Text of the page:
Why no camouflage patterns?

Dec 2017
309
Poland
#12
Its more expensive when your running a large conscript army

Camouflage tends to be specific to one area. If your unit moves to another area they'll stand out more


Nukes dont care about pattern shading except for the crispy ones they leave on walls.

Well, of course you're telling the truth: if the soldiers are pawns, and the atomic explosions kill those pawns ... Yes, in this situation, every uniform is good. It is only important that the dirt is invisible on it, so that you do not have to throw it into the washing machine. Universal camouflage also does not exist - but modern uniforms are barely visible in the forest, in my opinion it is the minimum necessary. Soldiers have to hide effectively in training.

Depends on what you do and the environmental conditions obviously, but on the field it doesn't take long. Trust me, in some cases it is a matter of minutes...
Of course, you can even have a white shirt, then jump into the mud and crawl on the ground.
 

Bart Dale

Ad Honorem
Dec 2009
7,095
#13
Uniforms were developed so you could tell your side from the other side. You wear bright red uniforms so you know not to shoot at them, but to shoot at the other guy wearing the blue uniforms. Getting shot by your own troops is a real risk, the Confederate General Stonewall Jackson was shot and killed by his own troops by mistake.

Camouflage makes it harder for the enrmy to see you, but it also makes it harder for your own troops to see you too. If you see a person in camouflage, how do you know whether he is the enrmy or on your side?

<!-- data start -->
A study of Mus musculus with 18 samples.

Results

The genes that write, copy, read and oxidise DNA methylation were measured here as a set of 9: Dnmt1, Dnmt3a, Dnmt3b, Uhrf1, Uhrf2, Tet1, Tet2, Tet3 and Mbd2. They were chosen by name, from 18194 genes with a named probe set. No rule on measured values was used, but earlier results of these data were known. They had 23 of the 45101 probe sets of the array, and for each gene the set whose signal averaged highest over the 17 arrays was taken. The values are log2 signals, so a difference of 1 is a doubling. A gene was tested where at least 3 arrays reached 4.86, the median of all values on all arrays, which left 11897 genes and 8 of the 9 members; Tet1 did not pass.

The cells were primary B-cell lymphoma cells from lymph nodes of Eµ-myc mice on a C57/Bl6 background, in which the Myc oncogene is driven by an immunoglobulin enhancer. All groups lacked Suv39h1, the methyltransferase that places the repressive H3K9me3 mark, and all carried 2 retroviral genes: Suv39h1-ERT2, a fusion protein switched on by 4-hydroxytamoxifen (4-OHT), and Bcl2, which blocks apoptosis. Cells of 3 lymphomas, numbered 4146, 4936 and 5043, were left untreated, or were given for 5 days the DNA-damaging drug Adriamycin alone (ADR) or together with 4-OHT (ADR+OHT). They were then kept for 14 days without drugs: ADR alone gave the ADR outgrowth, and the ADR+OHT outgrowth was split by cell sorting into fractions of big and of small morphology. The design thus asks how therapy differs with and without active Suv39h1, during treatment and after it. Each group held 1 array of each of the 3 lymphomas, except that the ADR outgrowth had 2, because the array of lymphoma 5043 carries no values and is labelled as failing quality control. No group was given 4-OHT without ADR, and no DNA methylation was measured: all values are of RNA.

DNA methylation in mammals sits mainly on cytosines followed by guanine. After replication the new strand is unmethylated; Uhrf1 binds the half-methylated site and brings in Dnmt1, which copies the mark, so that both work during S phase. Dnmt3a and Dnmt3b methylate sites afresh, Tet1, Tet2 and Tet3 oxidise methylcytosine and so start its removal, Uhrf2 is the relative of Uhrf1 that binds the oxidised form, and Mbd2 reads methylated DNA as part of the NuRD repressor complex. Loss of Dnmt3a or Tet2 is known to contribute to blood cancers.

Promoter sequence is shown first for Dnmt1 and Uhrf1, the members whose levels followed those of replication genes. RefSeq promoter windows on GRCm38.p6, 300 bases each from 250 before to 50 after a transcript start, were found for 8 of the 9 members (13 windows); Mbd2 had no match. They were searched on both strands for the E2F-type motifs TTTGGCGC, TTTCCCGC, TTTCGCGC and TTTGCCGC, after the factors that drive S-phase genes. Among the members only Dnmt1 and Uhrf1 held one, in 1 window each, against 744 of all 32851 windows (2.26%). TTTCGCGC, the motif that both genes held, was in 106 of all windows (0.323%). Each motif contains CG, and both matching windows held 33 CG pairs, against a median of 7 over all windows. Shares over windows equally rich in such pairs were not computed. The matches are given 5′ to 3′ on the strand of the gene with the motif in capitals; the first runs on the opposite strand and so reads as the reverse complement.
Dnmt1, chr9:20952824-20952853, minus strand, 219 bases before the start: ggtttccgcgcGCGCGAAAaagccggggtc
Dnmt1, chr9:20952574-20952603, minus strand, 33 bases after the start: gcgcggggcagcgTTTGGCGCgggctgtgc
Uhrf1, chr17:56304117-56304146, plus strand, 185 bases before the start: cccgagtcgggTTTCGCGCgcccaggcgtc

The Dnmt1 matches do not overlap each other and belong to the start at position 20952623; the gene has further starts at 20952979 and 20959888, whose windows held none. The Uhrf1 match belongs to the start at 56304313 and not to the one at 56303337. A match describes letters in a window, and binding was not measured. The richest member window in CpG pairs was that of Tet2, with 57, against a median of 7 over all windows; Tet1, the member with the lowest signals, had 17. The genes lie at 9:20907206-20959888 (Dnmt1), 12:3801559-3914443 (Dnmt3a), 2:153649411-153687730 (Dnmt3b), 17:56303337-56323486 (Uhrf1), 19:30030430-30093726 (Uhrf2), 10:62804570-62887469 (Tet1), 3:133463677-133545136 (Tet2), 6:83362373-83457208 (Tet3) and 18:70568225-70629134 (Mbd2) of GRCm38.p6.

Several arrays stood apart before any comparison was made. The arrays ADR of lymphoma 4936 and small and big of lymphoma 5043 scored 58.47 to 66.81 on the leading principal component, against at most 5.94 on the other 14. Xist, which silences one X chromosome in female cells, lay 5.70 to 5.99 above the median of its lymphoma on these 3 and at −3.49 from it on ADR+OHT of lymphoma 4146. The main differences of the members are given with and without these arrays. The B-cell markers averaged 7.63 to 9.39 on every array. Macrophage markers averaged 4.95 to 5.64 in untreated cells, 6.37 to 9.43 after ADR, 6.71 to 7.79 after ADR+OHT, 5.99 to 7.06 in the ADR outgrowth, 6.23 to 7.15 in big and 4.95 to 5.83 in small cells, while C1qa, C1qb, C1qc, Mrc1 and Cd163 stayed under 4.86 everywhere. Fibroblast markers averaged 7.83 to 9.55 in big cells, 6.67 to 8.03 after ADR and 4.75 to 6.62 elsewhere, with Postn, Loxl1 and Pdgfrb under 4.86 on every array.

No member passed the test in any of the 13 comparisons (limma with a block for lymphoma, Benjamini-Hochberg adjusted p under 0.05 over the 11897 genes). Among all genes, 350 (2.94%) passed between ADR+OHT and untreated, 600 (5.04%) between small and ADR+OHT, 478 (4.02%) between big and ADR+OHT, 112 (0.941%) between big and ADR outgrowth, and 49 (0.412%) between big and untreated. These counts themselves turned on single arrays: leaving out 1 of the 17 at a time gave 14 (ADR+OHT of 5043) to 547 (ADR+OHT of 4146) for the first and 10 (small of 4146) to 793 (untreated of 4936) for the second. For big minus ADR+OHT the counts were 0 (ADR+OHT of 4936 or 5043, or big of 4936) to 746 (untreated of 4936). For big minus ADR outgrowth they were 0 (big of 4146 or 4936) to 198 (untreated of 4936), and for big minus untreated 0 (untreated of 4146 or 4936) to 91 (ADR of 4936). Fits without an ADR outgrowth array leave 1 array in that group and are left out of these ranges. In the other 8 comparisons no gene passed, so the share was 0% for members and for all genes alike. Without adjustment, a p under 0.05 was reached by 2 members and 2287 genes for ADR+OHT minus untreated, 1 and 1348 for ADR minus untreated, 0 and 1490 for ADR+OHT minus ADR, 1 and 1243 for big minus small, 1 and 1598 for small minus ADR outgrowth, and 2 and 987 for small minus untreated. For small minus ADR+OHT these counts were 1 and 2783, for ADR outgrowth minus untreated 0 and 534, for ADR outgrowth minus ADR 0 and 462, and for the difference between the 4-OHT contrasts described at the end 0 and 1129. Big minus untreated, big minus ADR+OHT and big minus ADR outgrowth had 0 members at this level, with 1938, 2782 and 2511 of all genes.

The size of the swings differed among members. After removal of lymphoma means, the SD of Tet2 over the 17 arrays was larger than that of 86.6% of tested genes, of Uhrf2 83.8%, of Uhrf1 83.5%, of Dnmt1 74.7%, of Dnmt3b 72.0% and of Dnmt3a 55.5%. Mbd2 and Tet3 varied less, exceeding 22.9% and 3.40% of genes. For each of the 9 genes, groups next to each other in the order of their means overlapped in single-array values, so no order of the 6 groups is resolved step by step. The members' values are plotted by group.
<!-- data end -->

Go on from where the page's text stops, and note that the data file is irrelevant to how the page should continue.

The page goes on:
And camouflage that was designed for a jungle setting will still make you stick out in an urban settings.
 

caldrail

Ad Honorem
Feb 2012
5,142
#15
I don't think that's right. Aircraft in 1914 were almost not a threat to ground forces yet dulled colours were already standard issue. It had more to do with the range of small arms and the fire effect of direct artillery and automatic weapons. I might also add that as a pilot I can confirm that spotting men on the ground is fine when they're standing out in the open and obvious, but men gone to ground in muddy clothes would be pretty much invisible in trench warfare conditions if they remained static.
 
Aug 2014
3,804
Australia
#16
The world's first camouflage department was started by the French in Amiens in 1915. Their brief was to conceal equipment from aerial surveillance. Before that time there was use of dulled uniforms but there had been no systematic, scientific approach to concealment.
 
Last edited:
Oct 2012
458
#17
The world's first camouflage department was started by the French in Amiens in 1915. Their brief was to conceal equipment from aerial surveillance. Before that time there was use of dulled uniforms but there had been no systematic, scientific approach to concealment.
Correct, but it was, as you wrote, to conceal equipment, not individual soldiers.
 
Aug 2014
3,804
Australia
#20
I suppose it comes down to semantics. Coloured clothing designed to enhance concealment has been used for thousands of years but "camouflage", as a scientifically studied military application, never existed until 1915.